Cashing Out

Originally posted 12/22/2008.

Each of us is a vault of moments,
a bank for remembered scenes.
Poets eventually spend all that they save,
and I am one — or rather, have been one, 

for from this moment on
I refuse to pass my mysteries out 
like so many stray pennies.
Let it now be someone else’s turn.

Yes, there are times
when it comforts me to think again
of the way her hair felt
the first time I touched it;

times when it seems important to recall
what it feels like to press
the point of a hunting knife into my chest, 
adding a quarter pound of pressure with every breath;

I could still make them real
for anyone who asked, 
but could anything I got back 
make giving that away worth my while?

So much that I saved from youth to now
has ended up on stages,  was spent
for others’ amusement, was traded for glad hands. 
What has it ever gained me?

Just grant me now, at last,  
my hoard to hold for me alone.
Let me count my terrors and my ecstasies
in my own time, sitting up late at night with them.

Lord, how I wish I had been 
less profligate with these 
when it would have been wiser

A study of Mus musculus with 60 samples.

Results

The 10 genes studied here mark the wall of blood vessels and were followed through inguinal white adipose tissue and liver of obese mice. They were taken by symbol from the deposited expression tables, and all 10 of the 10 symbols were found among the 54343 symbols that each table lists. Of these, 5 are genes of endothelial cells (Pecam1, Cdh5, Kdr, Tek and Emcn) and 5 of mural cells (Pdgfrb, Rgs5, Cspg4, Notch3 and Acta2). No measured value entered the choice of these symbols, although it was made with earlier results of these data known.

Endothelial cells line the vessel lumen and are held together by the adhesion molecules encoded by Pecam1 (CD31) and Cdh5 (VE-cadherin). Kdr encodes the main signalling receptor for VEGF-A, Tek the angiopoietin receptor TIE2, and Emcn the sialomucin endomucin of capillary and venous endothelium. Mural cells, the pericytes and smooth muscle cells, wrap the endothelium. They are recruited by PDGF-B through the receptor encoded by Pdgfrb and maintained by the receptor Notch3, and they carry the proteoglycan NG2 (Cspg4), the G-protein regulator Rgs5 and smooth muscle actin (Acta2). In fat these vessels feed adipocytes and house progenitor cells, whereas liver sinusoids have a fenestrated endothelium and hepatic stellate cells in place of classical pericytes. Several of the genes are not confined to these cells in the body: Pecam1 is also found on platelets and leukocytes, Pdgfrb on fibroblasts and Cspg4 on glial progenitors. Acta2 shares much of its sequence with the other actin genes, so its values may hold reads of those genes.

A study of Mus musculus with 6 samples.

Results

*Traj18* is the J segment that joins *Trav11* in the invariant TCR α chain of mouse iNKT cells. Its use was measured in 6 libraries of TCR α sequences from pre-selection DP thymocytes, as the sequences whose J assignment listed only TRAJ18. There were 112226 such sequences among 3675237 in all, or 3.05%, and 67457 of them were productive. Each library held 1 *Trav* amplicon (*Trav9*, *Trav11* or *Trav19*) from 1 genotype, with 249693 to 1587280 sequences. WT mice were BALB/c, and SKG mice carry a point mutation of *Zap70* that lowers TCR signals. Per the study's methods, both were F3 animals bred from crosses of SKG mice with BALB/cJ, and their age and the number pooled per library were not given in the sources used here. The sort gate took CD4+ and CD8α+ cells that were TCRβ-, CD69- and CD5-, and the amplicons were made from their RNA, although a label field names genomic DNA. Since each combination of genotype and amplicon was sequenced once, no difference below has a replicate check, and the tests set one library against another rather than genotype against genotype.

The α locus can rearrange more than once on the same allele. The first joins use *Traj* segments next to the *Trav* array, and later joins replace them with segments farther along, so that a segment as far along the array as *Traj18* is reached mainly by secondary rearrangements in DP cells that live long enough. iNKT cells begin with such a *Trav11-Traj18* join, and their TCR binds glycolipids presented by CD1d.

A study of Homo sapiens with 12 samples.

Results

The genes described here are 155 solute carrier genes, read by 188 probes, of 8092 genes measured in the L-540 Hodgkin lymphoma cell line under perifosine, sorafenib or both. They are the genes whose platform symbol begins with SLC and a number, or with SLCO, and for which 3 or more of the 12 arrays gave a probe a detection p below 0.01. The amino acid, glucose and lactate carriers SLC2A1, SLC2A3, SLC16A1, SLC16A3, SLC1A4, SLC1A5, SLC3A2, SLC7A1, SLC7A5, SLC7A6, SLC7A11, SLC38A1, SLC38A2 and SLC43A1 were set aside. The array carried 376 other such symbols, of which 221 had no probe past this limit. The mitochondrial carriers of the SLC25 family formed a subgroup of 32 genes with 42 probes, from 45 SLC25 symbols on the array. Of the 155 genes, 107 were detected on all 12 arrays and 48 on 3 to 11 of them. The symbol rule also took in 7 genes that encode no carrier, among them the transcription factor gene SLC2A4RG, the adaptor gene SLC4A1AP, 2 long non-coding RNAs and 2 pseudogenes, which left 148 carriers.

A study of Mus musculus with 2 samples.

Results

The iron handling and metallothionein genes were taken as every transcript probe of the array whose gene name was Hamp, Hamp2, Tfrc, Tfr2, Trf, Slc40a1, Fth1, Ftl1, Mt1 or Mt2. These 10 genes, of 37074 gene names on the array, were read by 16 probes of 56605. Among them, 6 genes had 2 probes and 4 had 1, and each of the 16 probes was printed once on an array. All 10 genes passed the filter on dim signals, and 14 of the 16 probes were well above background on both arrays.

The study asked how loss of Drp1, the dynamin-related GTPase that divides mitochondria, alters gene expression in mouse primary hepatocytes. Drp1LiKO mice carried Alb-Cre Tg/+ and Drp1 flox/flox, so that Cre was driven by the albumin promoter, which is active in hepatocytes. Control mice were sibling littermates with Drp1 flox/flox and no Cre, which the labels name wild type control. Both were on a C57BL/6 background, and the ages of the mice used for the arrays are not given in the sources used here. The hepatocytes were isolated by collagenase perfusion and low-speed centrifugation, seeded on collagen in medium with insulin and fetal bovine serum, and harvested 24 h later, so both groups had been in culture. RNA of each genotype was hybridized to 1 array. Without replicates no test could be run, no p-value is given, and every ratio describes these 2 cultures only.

to keep them close.

If I can learn
to be tighter 
with a memory now,
I might yet be happy. 

I could get a job where no one will ever ask me
about who I was, where I’d been,
how I view the search for meaning, 
how I got here. 

It’s none of your business,
I will say if they ask me. 
Write your own goddamn poems, 
that’s what I’ll say. 


About Tony Brown

A poet with a history in slam, lots of publications; my personal poetry and a little bit of daily life and opinions. Read the page called "About..." for the details. View all posts by Tony Brown

One response to “Cashing Out

  • Léa

    Keep saying it as nobody can say it like you.

    Do you have any books available. If not, I do hope you give it serious thought. Blogs are nice but I love the feel of a paperback and words that tell the truth.